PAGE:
Devices will not save us – IP validating and web video cams.  Here is what we must do:

Embrace the 21st century in which student assignments are project based collaborative pieces and testing assessment is the open e-resource exam (akin to the open book exam).

1. Collaboration eliminates copying  as students hold each other accountable for parts of the assignment or for equal input into an assignment.  Google docs for collaborative composition and Prezi for organizing data are two Web 2.0 tools that lend themselves to these types of assignments. Discussion board postings, which synthesize ideas of the collective group,  challenge plagiarists as students cannot copy from one another — there is a thread and the posts are in plain sight (identical postings would obviously jump out at the instructor).  If teachers pose a prompt or topic thread that requires authentic thinking – see my Hamlet and Machiavelli’s The Prince example below – then the instructor is likely to get original work from students.

2. Open e-resources exams emphasize critical thinking, demonstration of skills in use of data, and analysis of readily available e-resources.  Information/data at one’s fingertips means higher level thinking skills will be engaged. The “test” has to be designed with this in mind.  Data will be absorbed more thoughtfully in application and analysis.  This will mean secondary education assessments will be more aligned with higher education assessments.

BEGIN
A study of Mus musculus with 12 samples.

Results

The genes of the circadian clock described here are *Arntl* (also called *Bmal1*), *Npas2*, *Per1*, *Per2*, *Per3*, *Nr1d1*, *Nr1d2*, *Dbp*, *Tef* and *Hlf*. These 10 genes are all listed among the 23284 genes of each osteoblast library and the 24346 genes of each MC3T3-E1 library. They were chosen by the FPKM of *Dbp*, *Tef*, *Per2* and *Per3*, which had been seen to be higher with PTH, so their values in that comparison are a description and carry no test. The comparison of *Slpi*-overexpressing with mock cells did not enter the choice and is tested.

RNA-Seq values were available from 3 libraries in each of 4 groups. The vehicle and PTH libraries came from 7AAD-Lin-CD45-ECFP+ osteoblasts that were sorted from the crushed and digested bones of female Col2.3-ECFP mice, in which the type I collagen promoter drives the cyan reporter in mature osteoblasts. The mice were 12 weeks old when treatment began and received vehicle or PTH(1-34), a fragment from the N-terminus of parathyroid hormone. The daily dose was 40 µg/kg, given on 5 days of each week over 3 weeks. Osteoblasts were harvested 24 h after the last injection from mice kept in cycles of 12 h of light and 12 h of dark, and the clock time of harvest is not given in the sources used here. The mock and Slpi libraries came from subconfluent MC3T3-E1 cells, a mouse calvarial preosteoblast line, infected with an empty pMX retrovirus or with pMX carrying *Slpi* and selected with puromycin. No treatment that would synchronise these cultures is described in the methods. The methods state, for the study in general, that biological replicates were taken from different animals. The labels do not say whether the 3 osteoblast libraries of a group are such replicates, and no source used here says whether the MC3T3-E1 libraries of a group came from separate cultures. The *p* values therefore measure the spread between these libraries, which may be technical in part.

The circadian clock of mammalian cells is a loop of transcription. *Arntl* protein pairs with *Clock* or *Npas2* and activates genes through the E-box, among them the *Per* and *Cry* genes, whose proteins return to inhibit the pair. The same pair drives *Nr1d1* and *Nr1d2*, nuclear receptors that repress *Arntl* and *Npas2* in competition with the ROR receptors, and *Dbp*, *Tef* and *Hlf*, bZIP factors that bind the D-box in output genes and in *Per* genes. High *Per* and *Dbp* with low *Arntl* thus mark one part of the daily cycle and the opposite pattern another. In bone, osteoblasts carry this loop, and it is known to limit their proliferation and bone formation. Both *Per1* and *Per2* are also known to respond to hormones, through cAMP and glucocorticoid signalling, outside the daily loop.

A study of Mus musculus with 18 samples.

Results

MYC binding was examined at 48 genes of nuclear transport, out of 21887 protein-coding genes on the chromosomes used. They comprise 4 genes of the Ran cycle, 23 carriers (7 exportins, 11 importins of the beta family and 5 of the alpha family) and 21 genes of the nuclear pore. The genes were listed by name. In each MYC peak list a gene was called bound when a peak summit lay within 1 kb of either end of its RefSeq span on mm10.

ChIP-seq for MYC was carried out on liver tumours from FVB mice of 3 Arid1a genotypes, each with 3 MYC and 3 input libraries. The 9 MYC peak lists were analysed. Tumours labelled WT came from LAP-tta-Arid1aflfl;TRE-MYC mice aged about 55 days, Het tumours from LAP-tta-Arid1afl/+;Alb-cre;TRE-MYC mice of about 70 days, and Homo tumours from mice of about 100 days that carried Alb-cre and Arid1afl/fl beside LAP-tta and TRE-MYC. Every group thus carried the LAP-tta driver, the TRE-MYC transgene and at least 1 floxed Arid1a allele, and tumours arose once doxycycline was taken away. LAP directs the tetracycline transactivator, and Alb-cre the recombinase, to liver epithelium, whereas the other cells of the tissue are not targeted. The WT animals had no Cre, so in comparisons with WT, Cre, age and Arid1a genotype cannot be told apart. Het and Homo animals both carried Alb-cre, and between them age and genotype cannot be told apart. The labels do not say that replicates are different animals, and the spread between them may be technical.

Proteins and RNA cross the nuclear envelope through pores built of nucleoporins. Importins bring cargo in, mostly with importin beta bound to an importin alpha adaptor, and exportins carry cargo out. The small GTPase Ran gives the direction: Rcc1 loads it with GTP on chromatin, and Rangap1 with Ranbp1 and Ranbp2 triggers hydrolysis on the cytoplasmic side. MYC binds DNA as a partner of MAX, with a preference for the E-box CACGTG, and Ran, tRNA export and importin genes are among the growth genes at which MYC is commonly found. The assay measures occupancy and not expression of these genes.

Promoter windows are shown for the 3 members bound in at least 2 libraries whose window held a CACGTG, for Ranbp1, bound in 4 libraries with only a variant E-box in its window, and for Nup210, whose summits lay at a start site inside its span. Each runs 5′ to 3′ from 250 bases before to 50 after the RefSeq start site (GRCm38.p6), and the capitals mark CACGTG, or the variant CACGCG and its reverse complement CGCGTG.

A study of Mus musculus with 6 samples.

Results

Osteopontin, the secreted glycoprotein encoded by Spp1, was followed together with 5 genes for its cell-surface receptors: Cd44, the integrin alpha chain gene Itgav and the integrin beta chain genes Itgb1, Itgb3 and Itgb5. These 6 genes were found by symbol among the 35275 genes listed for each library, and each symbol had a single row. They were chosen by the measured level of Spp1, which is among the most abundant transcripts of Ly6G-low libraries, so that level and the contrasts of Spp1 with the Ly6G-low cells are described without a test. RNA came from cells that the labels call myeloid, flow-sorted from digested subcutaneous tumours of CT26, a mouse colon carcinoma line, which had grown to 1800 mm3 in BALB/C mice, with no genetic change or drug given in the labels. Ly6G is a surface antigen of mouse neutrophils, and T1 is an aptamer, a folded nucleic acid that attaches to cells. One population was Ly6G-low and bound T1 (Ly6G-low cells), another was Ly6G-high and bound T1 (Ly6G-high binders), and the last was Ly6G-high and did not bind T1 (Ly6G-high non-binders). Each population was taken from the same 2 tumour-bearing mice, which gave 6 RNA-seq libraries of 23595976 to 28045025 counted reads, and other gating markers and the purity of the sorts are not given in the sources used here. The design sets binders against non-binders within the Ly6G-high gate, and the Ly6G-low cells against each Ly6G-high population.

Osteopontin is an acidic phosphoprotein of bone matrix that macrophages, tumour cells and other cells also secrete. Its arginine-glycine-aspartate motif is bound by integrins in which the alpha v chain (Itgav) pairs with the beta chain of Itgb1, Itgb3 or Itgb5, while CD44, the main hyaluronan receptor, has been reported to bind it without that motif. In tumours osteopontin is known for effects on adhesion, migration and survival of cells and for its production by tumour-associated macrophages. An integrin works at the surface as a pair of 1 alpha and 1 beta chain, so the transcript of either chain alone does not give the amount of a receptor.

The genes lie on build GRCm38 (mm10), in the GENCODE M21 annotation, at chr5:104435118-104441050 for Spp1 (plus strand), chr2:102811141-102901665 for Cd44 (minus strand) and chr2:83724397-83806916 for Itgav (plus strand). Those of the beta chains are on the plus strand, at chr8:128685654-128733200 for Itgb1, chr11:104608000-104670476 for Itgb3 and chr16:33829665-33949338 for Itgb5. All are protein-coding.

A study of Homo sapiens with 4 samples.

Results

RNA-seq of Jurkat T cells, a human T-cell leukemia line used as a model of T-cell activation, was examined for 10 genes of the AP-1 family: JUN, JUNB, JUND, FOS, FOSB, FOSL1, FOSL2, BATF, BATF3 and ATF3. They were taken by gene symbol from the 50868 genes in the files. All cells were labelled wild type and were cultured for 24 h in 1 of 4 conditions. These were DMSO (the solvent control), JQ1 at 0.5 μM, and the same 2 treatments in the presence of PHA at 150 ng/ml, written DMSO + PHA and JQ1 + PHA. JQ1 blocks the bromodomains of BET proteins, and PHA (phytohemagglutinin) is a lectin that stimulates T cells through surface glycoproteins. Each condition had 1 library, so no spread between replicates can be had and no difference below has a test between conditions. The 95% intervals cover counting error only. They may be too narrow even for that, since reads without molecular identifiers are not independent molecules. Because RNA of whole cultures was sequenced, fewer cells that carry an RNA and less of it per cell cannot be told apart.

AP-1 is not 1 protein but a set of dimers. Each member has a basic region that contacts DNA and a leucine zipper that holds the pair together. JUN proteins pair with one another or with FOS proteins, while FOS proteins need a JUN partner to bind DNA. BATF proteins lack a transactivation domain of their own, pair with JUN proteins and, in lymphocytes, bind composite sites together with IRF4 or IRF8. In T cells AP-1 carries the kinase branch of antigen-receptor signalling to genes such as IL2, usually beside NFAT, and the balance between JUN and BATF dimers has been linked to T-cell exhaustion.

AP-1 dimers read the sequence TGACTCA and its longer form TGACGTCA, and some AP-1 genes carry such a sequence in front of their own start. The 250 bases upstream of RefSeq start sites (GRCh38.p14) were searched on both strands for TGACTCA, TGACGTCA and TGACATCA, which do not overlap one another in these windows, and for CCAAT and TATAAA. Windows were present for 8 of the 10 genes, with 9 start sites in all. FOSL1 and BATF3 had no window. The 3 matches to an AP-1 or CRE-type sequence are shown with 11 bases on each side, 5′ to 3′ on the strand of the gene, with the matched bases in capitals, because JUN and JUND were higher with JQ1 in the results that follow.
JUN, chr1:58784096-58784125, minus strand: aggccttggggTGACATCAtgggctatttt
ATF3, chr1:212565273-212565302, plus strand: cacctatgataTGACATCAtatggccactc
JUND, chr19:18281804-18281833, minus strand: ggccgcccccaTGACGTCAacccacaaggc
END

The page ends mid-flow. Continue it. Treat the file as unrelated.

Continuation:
Sources of plagiarism (pun intended) sometimes rest with the instructor:  we need to rethink assignments.

My AP English 4H students are currently analyzing Prince Hamlet through a Machiavellian lens (synthesizing Machiavelli’s The Prince and Shakespeare’sHamlet).  One complexity is the assignment is inherently flawed:  I want my students to identify this flaw as they move through this assignment — on wikispaces as discussion board postings.  They will take academic risks, they will collaborate, and they will explore their authentic understandings of both texts.  This is an open e-resource exam.  I expect them to have an e-copy of Machiavelli’s text (via Project Gutenberg)  and an e-copy of Shakespeare’s text to cull evidence from as they work on this assignment.  I insist they do so because I am requiring quotes and details in support of interpretations and connections.

Let us cultivate academic risk-taking beyond mere memorization of data.